There have been multiple tuition hikes over the years and fewer slots for students. But a California Watch investigation found the University of California system has $9 billion worth of construction projects underway at its 10 campuses and five medical centers.
UC San Francisco alone is spending $2 billion. And the Merced campus is going gangbusters with a new science and engineering building, an activities and athletic center, and housing to accommodate more students.
The California State University system has $161 million in projects.
"It makes me wonder if they can figure out how to do that, why can't they figure out how to reduce tuition and give more funding to expanding enrollment?" said UC Berkeley graduate student Charlie Eaton.
Financing for new buildings is complicated. The development phase takes as long as seven years, so these projects were in the pipeline long before the "Great Recession." Then the universities get loans by selling bonds, but the money can only be used for construction, not for ongoing expenses like lowering tuition or paying salaries.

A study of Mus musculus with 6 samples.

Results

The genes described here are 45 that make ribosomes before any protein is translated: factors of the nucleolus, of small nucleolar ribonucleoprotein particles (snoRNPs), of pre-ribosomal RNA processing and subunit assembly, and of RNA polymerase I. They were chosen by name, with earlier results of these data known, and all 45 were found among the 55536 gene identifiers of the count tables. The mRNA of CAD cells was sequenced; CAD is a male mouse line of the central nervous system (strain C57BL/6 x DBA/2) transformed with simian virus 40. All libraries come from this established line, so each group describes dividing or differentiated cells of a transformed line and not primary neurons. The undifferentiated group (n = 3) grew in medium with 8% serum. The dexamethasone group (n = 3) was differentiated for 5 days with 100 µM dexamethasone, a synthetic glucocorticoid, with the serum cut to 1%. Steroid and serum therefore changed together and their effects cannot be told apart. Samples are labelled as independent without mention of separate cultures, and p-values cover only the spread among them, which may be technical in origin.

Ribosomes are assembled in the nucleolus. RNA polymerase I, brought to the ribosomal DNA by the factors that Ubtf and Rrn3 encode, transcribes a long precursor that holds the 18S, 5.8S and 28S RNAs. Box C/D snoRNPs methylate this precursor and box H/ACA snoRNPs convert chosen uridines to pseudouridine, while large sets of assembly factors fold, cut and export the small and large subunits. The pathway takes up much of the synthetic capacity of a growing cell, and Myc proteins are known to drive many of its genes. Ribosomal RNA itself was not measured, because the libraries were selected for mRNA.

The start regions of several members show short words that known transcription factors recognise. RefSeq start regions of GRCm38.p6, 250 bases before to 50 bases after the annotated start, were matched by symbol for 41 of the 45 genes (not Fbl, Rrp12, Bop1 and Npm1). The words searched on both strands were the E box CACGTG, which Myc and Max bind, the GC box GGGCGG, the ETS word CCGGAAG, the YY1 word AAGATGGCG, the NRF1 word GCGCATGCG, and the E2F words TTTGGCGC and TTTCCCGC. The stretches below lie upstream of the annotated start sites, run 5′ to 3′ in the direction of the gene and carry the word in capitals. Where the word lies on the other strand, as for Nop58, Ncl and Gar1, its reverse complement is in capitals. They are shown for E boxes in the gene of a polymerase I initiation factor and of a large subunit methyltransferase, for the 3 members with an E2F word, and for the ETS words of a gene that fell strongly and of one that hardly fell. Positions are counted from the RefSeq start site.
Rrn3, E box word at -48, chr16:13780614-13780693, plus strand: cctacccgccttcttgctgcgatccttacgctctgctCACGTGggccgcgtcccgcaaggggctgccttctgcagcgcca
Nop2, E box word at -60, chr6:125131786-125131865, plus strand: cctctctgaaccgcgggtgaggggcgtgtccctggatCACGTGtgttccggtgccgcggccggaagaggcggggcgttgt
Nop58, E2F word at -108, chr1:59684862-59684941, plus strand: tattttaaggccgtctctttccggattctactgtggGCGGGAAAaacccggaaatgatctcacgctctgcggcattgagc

"One cannot be used for the other," said Patrick Lenz, budget and capital resources vice president for the University of California system. "They're for very restrictive purposes."
Lenz also points out construction costs and interest rates are very low right now, and it's the perfect time to undertake multiple projects that provide badly needed jobs.
"We have over 60 percent of our buildings that are 30 years or older," said Lenz. "So we've got renovation issues. We've got seismic issues."
California Watch found, though, once some buildings are done, there's no taxpayer money to run them. The most glaring example is the sparkly new $36 million medical school at UC Riverside built last year. Officials are seeking private donations so they can open it. Lenz says they're just waiting for accreditation.
On top of that, UC and CSU campuses have about $1.2 billion worth of deferred maintenance. Again, the construction money cannot help pay for that.